Northwest BC jobless rate inches up

Fewer people working in March then in February, reports Statistics Canada

THE NUMBER of people working in the northwest dropped slightly in March compared to February, reports Statistics Canada today.

The agency says there were 39,500 people working in March, a drop of 300 from February’s total of 39,800.

An increase in the number of jobless people, from 3,200 in February to 3,500 in March helped push the unemployment rate to 8.2 per cent from 7.4 percent.

The labour force, defined as the number of people working or looking for work, dropped from 43,000 in February to 42,900 in March.

Overall employment in British Columbia was down 15,000, offsetting most of an increase experienced in February, indicated Statistics Canada, pushing up the provincial unemployment rate to 7 per cent.

Compared with 12 months earlier, employment in the province was little changed, said the agency.

A year ago in the northwest, the labour force stood at 45,900 with 40,500 people working and 5,400 people not working in March 2012, a factor that pegged the unemployment rate at 11.8 per cent.

The northwest continues to have the highest unemployment rate in the province with the next highest being the lower mainland and the Thompson/Okanagan, tied at 7.1 per cent.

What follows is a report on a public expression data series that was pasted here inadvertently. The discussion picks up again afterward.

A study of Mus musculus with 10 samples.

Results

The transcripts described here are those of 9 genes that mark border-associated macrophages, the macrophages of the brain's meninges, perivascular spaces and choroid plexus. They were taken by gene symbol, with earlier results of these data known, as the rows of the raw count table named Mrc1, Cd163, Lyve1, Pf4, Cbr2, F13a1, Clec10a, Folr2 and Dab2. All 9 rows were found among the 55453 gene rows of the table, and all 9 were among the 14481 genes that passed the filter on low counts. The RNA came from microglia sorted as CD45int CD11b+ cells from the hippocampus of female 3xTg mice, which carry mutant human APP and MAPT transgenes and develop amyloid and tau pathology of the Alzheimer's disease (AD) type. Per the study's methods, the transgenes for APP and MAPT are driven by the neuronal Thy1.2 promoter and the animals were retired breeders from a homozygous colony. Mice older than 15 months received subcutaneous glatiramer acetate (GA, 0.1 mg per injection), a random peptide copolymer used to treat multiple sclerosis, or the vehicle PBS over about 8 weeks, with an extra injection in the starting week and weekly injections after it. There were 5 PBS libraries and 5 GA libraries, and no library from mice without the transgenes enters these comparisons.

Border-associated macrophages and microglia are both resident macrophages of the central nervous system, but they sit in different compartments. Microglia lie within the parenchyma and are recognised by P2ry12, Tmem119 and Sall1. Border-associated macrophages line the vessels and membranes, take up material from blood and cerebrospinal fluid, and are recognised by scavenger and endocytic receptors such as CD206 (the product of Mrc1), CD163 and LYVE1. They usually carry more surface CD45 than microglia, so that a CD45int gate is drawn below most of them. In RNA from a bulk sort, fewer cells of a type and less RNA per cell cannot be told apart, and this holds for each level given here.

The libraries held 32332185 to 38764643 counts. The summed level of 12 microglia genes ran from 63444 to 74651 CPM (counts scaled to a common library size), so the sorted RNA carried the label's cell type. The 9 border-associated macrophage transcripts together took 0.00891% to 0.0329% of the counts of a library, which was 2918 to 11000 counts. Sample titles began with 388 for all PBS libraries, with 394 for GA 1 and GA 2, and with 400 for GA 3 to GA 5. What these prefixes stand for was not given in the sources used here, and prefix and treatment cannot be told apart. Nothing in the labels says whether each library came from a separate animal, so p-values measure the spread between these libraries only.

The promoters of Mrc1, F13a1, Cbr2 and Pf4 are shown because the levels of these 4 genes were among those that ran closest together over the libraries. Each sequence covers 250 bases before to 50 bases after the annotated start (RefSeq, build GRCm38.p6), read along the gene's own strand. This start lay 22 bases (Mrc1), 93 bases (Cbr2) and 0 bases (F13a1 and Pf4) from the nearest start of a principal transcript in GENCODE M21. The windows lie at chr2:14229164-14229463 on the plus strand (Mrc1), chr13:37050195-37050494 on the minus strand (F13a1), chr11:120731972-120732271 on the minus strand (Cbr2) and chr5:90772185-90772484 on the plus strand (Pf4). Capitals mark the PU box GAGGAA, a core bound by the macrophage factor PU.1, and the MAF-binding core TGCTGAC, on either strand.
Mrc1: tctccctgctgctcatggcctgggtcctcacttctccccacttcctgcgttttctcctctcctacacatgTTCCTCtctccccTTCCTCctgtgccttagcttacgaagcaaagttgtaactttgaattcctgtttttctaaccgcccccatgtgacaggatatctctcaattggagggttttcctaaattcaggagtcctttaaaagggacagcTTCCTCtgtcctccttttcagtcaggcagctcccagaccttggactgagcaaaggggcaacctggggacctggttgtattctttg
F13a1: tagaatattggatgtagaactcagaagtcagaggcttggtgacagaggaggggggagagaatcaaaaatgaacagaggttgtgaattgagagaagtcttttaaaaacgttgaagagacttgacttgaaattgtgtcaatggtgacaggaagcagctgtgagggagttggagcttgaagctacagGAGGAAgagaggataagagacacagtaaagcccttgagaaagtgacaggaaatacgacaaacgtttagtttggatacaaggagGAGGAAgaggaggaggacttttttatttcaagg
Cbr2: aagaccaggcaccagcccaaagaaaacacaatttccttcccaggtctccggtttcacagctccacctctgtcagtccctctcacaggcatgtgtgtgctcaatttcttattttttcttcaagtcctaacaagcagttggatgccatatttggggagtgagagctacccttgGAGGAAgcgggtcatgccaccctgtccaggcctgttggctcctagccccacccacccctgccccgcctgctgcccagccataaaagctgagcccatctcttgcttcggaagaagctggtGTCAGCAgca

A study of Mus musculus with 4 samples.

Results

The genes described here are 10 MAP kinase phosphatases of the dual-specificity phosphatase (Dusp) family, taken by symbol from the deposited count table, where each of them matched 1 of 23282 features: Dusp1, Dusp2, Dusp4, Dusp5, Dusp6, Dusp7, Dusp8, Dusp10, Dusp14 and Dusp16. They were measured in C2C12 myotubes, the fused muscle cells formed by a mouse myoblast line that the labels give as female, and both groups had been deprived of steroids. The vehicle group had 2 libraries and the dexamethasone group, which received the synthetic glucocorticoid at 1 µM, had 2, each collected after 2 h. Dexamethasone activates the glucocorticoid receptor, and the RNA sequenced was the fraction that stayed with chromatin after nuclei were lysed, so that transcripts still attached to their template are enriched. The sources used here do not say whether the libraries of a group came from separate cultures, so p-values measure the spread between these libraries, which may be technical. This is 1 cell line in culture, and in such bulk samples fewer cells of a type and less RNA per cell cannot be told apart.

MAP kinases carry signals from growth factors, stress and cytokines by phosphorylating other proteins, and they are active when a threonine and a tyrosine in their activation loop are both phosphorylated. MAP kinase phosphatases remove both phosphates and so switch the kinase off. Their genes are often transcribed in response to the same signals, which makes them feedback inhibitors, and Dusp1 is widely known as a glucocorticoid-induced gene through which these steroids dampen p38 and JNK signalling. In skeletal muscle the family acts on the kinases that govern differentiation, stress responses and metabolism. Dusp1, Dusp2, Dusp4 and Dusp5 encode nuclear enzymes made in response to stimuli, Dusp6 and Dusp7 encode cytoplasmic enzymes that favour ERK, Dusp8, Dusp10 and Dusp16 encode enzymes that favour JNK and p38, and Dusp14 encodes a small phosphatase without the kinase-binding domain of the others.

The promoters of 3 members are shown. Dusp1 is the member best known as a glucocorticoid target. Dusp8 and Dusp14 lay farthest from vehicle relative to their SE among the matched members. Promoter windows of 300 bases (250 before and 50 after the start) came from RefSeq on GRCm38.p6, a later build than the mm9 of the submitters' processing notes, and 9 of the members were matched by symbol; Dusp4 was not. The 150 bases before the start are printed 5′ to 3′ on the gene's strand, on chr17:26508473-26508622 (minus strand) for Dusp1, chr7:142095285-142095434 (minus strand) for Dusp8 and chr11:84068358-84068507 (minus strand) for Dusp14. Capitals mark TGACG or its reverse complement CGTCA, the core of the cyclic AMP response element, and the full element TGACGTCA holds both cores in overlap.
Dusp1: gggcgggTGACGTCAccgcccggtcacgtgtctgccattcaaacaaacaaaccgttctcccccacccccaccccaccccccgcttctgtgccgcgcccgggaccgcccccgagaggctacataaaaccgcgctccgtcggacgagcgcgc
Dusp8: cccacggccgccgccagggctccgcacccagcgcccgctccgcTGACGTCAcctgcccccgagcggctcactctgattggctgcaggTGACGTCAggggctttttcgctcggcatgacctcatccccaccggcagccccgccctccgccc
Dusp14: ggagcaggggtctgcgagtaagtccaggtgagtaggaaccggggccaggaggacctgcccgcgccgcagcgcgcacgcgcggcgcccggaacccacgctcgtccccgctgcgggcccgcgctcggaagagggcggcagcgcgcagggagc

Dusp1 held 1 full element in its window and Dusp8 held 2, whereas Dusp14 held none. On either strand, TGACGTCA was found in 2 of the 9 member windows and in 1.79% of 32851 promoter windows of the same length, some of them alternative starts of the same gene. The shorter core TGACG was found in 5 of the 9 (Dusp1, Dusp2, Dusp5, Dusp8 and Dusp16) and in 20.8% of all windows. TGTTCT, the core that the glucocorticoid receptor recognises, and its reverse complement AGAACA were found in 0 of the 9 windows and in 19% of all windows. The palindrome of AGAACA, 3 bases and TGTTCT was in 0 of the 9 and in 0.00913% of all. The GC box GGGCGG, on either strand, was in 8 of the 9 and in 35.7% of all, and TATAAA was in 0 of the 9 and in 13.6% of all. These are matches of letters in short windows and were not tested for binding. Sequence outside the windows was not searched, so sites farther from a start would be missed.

A healthy oil and gas industry in the northeast kept that region in the position of having the lowest unemployment rate at 4.6 per cent.

The northwest jobless rate is not the number of people collecting Employment Insurance.

Instead it is based on interviews of people from the north coast to just this side of Vanderhoof who consider themselves as part of the workforce whether they are employed or not.

And that means the jobless rate can reflect how people feel about their own employment prospects.

National employment declined by 55,000 in March following an increase in February.

The national unemployment rate rose 0.2 percentage points to 7.2 per cent.

Despite the decline in March, employment was 1.2 per cent or 203,000 above the level of 12 months earlier, with the increase mainly in full-time work, reported Statistics Canada.

Over the same period, the total number of hours worked also rose by 1.2 per cent.